Nedgine Paul 04' Changing Education in Haiti One Teacher at a Time

Nedgine Paul is revolutionizing education in Haiti, and that comes as no surprise to Mr. Galanopoulos, Chair of King's history department. That she would make positive change in the world was evident during her school days at King when she demonstrated her love of learning and her capacity to be a changemaker. And it is people like Mr. Galanopoulos who still serve as her guiding light.

"At King I started to fall in love with education. It was then that I started to explore how to get involved in education professionally and I started tutoring," she said from her native Haiti. "I was encouraged by people like Mr. Galanopoulos during those years, especially in history, to be an informed leader. After King, I enrolled at Yale where I wrote my senior thesis about the history of education in Haiti. It was then that I realized education reform was possible and that I could return to Haiti with this focus."

Nedgine, in turn, resonated with Mr. Galanopoulos. "I will always remember Nedgine for being a true scholar and citizen of the world, a promising and inspired student with an unprecedented depth of understanding for the human condition, and love of humanity."

From high school through her master's degree, the one core concept that kept coming up in Nedgine's research was that education systems are not necessarily about curriculum or technology, but they are about the people. As a result, she co-founded and serves as CEO to Anseye Pou Ayiti (APA), a nonprofit organization with the mission of reforming the Haitian education system by recruiting, training, and supporting high-quality teachers. In essence, APA is creating education leaders.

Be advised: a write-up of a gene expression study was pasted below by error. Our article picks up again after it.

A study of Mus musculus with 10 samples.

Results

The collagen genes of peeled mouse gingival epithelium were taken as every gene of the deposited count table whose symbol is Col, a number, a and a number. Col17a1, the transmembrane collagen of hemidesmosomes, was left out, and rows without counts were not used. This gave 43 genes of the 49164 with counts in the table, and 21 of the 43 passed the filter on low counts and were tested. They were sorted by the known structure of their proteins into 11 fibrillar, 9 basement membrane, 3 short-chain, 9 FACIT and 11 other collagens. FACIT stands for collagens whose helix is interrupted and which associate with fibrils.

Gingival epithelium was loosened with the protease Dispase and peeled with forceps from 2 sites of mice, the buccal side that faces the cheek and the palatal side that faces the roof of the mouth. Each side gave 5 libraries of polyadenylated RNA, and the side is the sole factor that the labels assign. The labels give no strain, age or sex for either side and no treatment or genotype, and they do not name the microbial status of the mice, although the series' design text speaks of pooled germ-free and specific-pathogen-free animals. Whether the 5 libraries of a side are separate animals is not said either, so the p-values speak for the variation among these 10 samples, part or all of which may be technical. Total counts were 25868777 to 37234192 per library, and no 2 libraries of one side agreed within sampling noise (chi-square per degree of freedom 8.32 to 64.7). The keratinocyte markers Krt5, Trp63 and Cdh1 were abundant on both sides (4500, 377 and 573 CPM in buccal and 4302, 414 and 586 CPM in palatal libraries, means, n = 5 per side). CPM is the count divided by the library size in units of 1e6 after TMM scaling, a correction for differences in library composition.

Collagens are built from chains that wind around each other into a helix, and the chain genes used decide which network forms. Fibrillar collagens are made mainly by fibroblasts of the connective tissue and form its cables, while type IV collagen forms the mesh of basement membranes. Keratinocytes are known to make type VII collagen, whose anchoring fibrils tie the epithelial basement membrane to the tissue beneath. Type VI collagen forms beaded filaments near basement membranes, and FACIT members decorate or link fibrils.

"We are in the business of leadership here. In this program, students are teaching at the same time they are receiving leadership development," Nedgine said. "In fact, leadership is so central to what we are doing, we call our teachers 'teacher-leaders.' These are the people who are in the trenches every day, who are doing the work and who have been doing it since before I came back to Haiti. They may not be the charismatic leaders or future presidents of this world, but they are the leaders we need to succeed."

The selection process for APA is tough, and the demand is great: this year there were 700 applicants and only 45 were accepted. Nedgine is looking for specific attributes when selecting candidates for the program, particularly the humility to lead from behind, and the mindset that leadership is really about the collective.

"We select really strong change agents from across the country. These are people who are interested in going back to the rural villages where they grew up, to help people pull themselves and the entire community out of really desperate situations."

Taking on the Haitian education system is daunting, yet Nedgine is inspired daily by those she is teaching. "Imagine being a product of a system you are trying to change, when all you have ever known is to repeat after the teacher and never to ask questions, and then changing that system. The fact that our teacher-leaders have been able to debunk all these myths about what is possible and actually lead it themselves, that is what has been very powerful to me."

Nedgine's own leadership has gained national attention. In 2014, she was named among the top global social innovators by Echoing Green, and in 2016 she was selected for the Forbes Magazine "30 Under 30" Social Entrepreneurs. In 2018 she was one of 20 selected from a pool of 20,000 for the Obama Foundation's inaugural class of Obama Foundation Fellows.

Nedgine continues to draw heavily on her own educational experience, still thankful for the teachers that guided her along the way. "It has been a leap of faith but it has been a faith journey in so many ways. I don't think it is by coincidence that certain people were put in my path. From the Mr. Galanopoulos of this world to my history professor at Yale, there are people who have had such transformative marks on my trajectory, I would not be here without them. It is humbling. I am so grateful."